The second consecutive year of a narrowing trade surplus and appreciating CNY policy should deflect the US Treasury’s attention away from China’s FX policy, suggests the analysis team at ING.
“September exports surprised on the downside with 8.1% YoY growth (INGF: 8.6%, consensus: 10.0%, prior 5.6%). The year-to-date growth, also 8.1% YoY, was up from -8.6% year ago yet still an underperformance among Asian economies. Part of the blame could lie with the structural shift in China’s manufacturing, especially the drive to reduce excess capacity in sectors such as coal and steel, while China also seems to be losing its lustre as the world’s factory. Machinery and transport equipment have historically been China’s main export drivers, accounting for about a half of all goods exports.”
“Weak Chinese exports were at odds with strong bounce observed in exports from Korea and Taiwan in the last month whose dominant export destination has been China. As such, China’s 18.7% import growth in September, although well above expected (INGF: 13.5%, consensus: 14.7%), doesn’t come as a real surprise. The 17.4% YoY YTD import growth was even a bigger positive swing (than exports) from -8.3% a year ago. The trade surplus of US$303bn in the first nine months of the year was US$76bn narrower than year ago.”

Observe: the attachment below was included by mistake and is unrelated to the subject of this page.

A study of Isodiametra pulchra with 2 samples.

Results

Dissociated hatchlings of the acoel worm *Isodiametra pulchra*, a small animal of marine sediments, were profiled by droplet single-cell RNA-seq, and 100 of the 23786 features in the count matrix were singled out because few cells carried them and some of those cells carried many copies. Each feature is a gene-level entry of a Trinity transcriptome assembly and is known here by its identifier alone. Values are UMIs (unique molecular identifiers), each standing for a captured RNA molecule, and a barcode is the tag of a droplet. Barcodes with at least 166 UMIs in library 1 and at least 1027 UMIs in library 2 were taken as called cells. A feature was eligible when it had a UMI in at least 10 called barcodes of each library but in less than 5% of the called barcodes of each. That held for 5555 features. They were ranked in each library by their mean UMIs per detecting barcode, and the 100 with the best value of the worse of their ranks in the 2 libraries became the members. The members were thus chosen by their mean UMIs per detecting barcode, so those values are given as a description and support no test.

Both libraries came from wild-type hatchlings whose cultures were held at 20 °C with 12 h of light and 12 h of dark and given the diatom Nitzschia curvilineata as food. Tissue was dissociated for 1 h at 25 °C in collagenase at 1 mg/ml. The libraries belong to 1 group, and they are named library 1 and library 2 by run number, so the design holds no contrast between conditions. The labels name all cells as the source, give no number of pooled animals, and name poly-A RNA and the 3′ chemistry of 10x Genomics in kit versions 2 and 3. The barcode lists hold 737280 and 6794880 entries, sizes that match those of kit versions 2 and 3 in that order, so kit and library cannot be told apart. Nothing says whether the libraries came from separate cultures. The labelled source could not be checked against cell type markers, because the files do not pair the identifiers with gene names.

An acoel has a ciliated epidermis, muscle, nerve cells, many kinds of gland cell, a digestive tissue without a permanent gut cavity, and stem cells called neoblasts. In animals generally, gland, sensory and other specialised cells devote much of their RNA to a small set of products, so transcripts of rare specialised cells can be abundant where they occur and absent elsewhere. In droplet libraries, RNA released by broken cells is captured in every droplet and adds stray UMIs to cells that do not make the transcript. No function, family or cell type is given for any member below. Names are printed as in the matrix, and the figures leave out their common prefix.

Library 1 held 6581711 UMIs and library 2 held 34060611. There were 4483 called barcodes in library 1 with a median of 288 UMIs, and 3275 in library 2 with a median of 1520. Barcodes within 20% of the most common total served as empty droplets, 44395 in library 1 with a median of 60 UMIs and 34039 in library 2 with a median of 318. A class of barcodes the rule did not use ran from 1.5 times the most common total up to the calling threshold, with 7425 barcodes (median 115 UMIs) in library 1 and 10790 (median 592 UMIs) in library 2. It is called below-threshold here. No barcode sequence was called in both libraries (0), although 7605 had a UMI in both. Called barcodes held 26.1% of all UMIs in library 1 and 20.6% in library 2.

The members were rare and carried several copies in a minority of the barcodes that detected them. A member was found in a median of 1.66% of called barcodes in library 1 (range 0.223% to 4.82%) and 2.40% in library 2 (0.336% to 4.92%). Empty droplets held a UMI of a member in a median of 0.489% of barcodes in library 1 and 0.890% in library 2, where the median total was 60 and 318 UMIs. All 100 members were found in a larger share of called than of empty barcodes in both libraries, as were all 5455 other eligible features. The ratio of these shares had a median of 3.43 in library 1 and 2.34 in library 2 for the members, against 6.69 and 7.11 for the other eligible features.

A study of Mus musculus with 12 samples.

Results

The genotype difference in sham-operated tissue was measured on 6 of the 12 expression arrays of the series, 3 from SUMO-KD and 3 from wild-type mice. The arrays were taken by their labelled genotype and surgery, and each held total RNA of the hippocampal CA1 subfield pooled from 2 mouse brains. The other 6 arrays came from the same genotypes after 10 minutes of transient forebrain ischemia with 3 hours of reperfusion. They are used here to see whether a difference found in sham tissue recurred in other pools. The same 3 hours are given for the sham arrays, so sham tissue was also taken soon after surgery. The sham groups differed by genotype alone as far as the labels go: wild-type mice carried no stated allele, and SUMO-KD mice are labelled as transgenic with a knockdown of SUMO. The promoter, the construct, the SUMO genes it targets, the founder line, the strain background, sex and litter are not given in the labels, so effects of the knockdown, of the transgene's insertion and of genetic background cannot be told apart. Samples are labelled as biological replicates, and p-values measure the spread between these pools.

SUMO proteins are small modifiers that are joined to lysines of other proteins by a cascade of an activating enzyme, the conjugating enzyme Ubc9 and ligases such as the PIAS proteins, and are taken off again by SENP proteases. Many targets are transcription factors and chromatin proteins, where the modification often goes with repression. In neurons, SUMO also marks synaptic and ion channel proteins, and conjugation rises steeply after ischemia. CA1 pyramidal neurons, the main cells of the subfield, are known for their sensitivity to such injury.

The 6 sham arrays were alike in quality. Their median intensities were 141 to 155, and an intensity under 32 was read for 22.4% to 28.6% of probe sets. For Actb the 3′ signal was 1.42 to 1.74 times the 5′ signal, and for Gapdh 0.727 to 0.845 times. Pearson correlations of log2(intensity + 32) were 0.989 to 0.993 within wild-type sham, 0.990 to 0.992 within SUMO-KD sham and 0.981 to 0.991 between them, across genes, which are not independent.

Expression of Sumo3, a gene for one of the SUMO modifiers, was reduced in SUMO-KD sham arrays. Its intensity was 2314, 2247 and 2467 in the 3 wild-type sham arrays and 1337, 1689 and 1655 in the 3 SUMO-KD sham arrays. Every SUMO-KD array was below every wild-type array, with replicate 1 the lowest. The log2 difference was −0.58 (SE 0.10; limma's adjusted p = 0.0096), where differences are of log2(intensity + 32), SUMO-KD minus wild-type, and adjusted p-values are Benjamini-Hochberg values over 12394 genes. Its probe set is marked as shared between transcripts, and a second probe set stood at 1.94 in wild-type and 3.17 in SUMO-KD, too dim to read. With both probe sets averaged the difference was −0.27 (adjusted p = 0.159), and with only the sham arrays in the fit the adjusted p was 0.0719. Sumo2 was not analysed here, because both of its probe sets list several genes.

“As well as reflecting structural shifts and strong domestic demand, China’s narrowing trade surplus may also reflect its position in the regional production of next generation flagship smartphones. China tends to be located further down the production chain than, say, Korea or Taiwan, whose components outflows are pushing up exports in these economies. As we near the West’s holiday season, the export of finished handsets from China is likely to pick up, whilst we may see exports of integrated circuits easing back, helping China to play catch-up on trade with other Asia economies.”
“A silver lining in China’s second consecutive year of narrowing trade surpluses is that it should deflect the US Treasury’s attention from China as a potential currency manipulator in its October report. Our Greater China economist Iris Pang forecasts USD/CNY at 6.50 by end-2017 (spot: 6.59, consensus: 6.65) and further 4.5% appreciation in 2018.”